The story of the invisible people who work hard to keep our homes running like clockwork.
Former academic Rimli Sengupta has chosen a subject close to her heart for her debut book in English. It’s the story of Buttermilk, a maid in Kolkata, whose life is a rollercoaster ride that straddles her village where she has her marital home, the city where she works, and the suburban slum where she lives. The author brings to light the story of invisible people who work in our homes through the tale of her own maid, Buttermilk.
There’s a line in the book that may resonate with many readers: “Simply put, Buttermilk makes my life possible. For this, I pay her a monthly salary that just about covers dinner for two at a nice restaurant.” It’s a snide at the way society treats domestic helps even as this unorganised class works hard to keep our homes running like clockwork.
The life of Buttermilk—spanning five decades, first as Karno’s daughter and later as Jhoro’s wife—is worth reading about. We travel along with her through her different life stages, as a daughter to the strong-willed Karno, a wife to the dimwit Jhoro, a not-so-submissive daughter-in-law, and later a strict mother-in-law to Rupa. The free spirit of Buttermilk, along with her dogged determination, help her fight every battle, be it getting an Aadhar card issued from her village after umpteen attempts or the endless fight in getting a land lease in her family’s name.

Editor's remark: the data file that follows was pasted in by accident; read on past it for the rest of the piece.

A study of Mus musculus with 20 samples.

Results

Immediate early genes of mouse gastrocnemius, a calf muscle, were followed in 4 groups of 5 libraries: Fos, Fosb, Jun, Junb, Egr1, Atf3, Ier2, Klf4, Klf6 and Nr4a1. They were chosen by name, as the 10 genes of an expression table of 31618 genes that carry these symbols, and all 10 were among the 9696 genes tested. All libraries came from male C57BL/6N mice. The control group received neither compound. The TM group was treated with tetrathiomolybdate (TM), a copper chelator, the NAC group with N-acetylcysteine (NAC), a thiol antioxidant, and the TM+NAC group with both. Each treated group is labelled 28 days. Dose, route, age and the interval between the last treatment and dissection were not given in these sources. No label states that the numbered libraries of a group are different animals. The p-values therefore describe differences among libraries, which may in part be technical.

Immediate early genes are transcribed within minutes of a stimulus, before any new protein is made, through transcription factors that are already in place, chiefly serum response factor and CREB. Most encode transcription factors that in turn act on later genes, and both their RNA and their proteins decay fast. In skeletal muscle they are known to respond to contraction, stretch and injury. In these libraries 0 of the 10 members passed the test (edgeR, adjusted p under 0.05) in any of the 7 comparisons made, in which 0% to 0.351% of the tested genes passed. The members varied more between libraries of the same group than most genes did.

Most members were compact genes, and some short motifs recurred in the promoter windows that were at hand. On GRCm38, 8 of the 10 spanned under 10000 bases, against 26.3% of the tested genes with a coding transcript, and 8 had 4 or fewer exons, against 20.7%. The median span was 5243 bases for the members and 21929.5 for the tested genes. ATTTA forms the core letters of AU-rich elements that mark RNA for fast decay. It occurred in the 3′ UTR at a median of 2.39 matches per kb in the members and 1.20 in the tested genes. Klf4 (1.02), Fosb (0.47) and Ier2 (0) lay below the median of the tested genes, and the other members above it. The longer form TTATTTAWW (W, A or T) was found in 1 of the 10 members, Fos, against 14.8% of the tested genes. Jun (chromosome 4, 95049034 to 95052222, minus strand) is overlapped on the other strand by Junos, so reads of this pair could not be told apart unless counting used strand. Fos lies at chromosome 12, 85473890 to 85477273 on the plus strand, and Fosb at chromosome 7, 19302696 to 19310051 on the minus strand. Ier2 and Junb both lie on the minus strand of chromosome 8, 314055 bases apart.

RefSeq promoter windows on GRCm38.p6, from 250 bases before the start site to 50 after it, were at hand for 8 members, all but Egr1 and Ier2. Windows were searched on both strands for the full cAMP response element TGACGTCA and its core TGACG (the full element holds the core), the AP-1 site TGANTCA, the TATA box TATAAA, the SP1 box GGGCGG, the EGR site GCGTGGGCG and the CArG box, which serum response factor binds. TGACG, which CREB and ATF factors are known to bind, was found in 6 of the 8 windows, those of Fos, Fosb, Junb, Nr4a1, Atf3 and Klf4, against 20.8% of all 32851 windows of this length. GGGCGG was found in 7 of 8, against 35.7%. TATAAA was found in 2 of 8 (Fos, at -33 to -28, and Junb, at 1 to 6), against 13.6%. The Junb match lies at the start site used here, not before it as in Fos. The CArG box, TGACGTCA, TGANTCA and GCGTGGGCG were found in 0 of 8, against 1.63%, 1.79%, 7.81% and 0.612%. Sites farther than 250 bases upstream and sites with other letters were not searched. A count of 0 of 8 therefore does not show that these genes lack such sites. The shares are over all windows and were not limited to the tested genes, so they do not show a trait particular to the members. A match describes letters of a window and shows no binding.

Karno’s Daughter is a work of non-fiction, which, told in the voices of the author and protagonist, reads as a narrative that’s both engaging and heartwarming. The events that unfold, beginning with the abject poverty in which Buttermilk is raised, to her crawling up the social ladder where she owns a piece of land and a pukka house, are grim reminders of the exploitative lives most maids live.
Karno’s Daughter is an easy book to read—the sentences are framed well, the chapters move quickly and there’s no exaggeration of basic human suffering. It’s a narrative that will leave you nodding your head in agreement and even, at times, tear you up. It’s a glimpse into the world of never-ending struggle.